A handful of restaurants in San Francisco have opted in to a program that supports soil health and fights climate change — by making their customers’ meals a bit more expensive.
Bay Area restaurants that choose to participate in the state’s new Restore California program are adding a 1 percent surcharge on diners’ checks to support the initiative starting this month, according to a news release from Zero Foodprint, a nonprofit working with state agencies on the program.
Those restaurant surcharges will be funneled into grants supporting farmers and ranchers — money that will “directly fund carbon farming projects such as compost application, cover crop planting, tree planting and improved grazing management,’ according to Zero Foodprint.
“Restore California allows consumers to have a direct impact by shifting acres of farmland from extractive to renewable practices,” Karen Leibowitz, executive director of Zero Foodprint, said in a statement, comparing the agriculture-oriented program to how power “companies enable residents to improve the grid by funding renewable energy projects.”
Restore California is adamant that the program isn’t a tax.
“A tax is mandatory, and this is voluntary,” program organizers write on its website. “It’s more like a fundraiser for good food and farming. Restaurants and diners can opt in or opt out of Restore California.”
SF Eater reports that “while every restaurant in the state could participate, so far, it’s mostly upscale restaurants, most of them in SF: think Atelier Crenn, Flour + Water, or Lazy Bear, for example. (A full list of participating restaurants is here.)”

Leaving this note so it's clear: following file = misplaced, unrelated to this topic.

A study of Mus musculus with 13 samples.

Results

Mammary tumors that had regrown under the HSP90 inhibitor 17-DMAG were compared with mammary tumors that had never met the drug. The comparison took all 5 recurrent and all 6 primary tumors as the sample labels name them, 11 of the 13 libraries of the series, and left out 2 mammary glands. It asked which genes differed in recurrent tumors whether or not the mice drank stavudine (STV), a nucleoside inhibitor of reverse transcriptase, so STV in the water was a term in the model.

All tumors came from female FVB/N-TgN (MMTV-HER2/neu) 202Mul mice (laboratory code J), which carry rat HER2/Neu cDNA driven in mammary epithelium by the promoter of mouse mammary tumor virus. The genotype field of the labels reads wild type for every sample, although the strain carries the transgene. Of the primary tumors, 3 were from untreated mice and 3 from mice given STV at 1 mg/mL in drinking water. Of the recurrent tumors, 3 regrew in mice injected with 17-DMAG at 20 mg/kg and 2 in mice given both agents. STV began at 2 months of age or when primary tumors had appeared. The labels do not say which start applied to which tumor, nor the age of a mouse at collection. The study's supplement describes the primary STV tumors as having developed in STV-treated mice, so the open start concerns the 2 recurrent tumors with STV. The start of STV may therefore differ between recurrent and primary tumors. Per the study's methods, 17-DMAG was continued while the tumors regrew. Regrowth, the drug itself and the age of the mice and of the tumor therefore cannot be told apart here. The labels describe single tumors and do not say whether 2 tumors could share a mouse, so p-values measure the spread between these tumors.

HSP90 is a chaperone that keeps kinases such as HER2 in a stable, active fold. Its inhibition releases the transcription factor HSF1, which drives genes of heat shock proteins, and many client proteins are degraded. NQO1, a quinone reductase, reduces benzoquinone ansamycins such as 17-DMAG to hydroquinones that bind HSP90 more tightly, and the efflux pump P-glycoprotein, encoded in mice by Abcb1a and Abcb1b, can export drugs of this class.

But the surcharge apparently hasn’t panned out perfectly everywhere.
Brandon Kirksey, co-owner of the pasta restaurant Great Gold in the city’s Mission District, said that — a month after imposing the surcharge on checks in the fall — his restaurant decided to change tactics in response to “negative” feedback from customers who wanted it taken off their bill, Mother Jones reported.
“Having that additional surcharge on there I think made a lot of people feel uncomfortable. People get a little stand-offish when it comes to change,” Kirksey said, adding that the restaurant decided to raise prices on the menu by 1 percent instead of charging a fee, according to Mother Jones. “Ever since the verbiage changed, people are more excited to learn about it, rather than complain about the fee.”
It wouldn’t take many restaurants participating for the program to raise some large amounts of money.
“If 1 percent of restaurants in California add a 1 percent charge with Restore California, the program would generate $10 million per year to implement renewable agriculture,” Restore California’s website says. “If every restaurant in California added a 1 percent charge, as much as $1 billion could go toward improving the food system each year, while actively pulling tons of emissions out of the atmosphere.”
According to Zero Foodprint, San Francisco’s restaurant week — from Jan. 22 to 31 — will be supporting Restore California, meaning more than 100 restaurants will be directing 1 percent surcharges to the initiative’s projects.